What to Look for When Doing a Skin Check

It's no surprise that warmer months mean more exposure for our skin. Sunny summer days are the perfect reminder to conduct regular skin checks for you and your loved ones. You may have heard to use the ABCDE rule to spot skin cancer. This is:

Asymmetry. Does one part of a mole not match the other?
Border. Are the edges of a mole irregular or ragged?
Color. Is the color not the same all over the mole and does it include shades of black or brown?
Diameter. Is the spot larger than a pencil eraser?
Evolving. Has the mole changed in size, shape or color?

If you answered “yes” to any of these questions, make an appointment with your provider. You should also know a few of the other signs of skin cancer. These include:

Bleeding or Weeping Sores
They might be the most common type of skin cancer called basal cell carcinoma. Typically found on the sun-exposed areas of the head and neck, the sores may be oozing or crusted and either don’t heal or heal and then come back. The good news is that this type of skin cancer usually grows slowly and can be removed entirely, which prevents the cancer from coming back in the same place.

Rough, Scaly Spots
These might be precancerous areas. The pink-red or flesh-toned spots generally grow slowly and tend to occur more often in people who are fair-skinned. Usually found on the face, ears and backs of the hands or arms, they may feel itchy or sore. Most of these spots do not become cancer, but some may turn into squamous cell skin cancer.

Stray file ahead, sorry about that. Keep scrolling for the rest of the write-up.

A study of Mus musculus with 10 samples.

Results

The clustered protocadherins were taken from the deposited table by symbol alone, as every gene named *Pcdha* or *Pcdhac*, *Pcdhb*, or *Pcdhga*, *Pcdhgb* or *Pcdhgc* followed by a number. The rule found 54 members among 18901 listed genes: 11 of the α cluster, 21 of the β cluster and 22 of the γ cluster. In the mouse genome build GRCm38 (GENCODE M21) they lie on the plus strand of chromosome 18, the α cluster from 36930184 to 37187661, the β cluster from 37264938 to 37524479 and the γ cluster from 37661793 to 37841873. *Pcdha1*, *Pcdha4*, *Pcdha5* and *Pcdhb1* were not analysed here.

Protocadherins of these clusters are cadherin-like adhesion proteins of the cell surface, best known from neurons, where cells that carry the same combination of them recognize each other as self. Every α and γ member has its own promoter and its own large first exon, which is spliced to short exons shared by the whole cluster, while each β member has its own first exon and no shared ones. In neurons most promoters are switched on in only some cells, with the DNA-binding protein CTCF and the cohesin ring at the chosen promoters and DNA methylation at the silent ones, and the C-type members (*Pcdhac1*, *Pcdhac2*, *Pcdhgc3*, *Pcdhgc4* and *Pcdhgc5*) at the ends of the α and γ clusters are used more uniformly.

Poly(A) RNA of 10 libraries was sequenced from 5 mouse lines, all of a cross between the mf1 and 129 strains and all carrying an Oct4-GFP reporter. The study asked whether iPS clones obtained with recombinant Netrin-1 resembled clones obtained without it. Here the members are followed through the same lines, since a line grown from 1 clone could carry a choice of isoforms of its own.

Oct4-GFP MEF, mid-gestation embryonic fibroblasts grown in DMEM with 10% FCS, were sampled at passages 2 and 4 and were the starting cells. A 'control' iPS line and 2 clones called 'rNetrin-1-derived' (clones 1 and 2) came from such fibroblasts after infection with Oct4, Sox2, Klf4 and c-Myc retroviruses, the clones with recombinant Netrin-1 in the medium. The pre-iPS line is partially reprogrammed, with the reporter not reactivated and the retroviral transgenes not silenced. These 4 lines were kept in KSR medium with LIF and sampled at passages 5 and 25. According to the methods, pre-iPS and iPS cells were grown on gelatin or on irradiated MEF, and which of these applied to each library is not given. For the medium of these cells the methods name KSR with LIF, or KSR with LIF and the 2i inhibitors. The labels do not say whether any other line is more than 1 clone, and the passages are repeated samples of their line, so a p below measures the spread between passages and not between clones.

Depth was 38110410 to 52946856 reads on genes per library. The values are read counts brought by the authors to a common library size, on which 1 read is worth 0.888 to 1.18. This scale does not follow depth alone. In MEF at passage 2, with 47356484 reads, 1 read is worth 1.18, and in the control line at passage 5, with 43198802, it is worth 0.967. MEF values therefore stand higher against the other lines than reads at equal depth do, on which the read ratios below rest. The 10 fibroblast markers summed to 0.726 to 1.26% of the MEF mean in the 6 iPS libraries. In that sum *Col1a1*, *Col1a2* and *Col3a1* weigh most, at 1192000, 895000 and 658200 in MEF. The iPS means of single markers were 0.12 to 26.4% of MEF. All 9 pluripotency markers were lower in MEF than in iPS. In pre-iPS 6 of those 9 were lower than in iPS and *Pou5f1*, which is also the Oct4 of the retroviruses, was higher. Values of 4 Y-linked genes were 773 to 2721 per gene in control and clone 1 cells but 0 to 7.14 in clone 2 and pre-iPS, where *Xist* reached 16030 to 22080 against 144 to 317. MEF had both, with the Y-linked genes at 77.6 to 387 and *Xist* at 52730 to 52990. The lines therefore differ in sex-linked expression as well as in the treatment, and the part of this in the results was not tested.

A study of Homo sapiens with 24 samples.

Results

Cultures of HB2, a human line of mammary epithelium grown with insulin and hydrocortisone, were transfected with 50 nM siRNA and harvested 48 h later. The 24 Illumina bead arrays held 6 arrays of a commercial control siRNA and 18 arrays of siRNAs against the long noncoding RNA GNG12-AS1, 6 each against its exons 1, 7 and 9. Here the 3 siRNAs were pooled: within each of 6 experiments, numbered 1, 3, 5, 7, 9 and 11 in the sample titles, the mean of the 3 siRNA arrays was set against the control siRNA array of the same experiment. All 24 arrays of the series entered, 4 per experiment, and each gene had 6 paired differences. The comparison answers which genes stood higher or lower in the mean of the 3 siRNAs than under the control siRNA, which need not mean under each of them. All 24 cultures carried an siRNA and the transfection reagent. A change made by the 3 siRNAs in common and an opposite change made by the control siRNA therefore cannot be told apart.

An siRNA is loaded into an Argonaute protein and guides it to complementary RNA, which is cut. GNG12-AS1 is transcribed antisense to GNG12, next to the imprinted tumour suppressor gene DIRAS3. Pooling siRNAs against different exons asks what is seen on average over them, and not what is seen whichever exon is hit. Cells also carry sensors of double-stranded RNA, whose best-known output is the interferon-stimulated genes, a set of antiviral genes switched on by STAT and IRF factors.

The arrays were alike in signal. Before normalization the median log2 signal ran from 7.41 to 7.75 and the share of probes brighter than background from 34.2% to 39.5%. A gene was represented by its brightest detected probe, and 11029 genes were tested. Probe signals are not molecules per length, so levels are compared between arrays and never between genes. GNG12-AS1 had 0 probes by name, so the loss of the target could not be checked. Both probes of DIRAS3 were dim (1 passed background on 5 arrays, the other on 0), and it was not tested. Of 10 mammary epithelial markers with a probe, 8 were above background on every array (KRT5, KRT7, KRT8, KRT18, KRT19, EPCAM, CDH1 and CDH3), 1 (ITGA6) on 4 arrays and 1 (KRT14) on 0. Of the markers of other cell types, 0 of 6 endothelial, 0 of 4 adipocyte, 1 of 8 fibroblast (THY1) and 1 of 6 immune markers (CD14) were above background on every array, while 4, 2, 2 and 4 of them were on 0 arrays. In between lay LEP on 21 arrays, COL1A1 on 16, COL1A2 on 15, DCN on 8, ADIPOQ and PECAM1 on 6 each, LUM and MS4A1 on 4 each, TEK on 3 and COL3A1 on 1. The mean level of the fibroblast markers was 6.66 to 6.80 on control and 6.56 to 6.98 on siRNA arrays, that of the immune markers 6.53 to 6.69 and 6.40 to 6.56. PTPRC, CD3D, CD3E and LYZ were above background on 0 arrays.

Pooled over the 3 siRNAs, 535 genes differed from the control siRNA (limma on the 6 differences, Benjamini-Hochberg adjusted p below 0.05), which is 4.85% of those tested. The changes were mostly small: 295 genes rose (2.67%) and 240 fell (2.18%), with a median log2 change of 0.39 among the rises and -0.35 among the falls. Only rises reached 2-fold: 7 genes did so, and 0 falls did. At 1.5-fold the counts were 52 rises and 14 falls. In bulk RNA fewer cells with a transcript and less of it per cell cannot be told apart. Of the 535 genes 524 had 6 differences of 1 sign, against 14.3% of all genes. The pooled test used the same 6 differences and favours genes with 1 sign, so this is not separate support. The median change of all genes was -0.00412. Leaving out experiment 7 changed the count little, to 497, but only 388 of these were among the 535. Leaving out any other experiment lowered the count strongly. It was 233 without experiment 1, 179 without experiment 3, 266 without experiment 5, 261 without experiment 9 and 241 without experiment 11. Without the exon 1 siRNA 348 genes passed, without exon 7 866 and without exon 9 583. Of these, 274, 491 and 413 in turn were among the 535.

Bumps and Growths
Small, pinkish, pearly bumps with blue, brown or black areas could be skin cancer. Also watch out for pink growths with raised borders and lower middle areas, which might have small blood vessels spreading out like spokes on a wheel.

A Dark Band on Your Fingernail
Melanoma, the most dangerous type of skin cancer, is more likely to start on the torso in men and on the legs in women, but it can start anywhere, including on a fingernail. If you notice a dark band growing on or under your nail, see your provider.

Get in the habit of doing a skin self-check about once a month in a well-lit room with a full-length mirror. Your doctor can carefully check your skin during a routine cancer-related checkup.

Sunscreen Basics

Your best protection to prevent skin cancer is sunscreen. If you’re not sure what to look for when shopping for sunscreen, here are some tips from the American Academy of Dermatology.

  • Choose a sunscreen with an SPF of 30 or higher.
  • Make sure the container says “broad spectrum.” This means it blocks UVB rays, which cause cancer, and UVA rays, which cause wrinkles and age spots.
  • Use sunscreen every day. Even if the sun isn’t shining, 80% of harmful UV rays can get through and penetrate your skin.

To learn more about cancer treatment and prevention, visit our Cancer Center webpage and and witness the inspiring story of melanoma survivor Alicia Mitchell.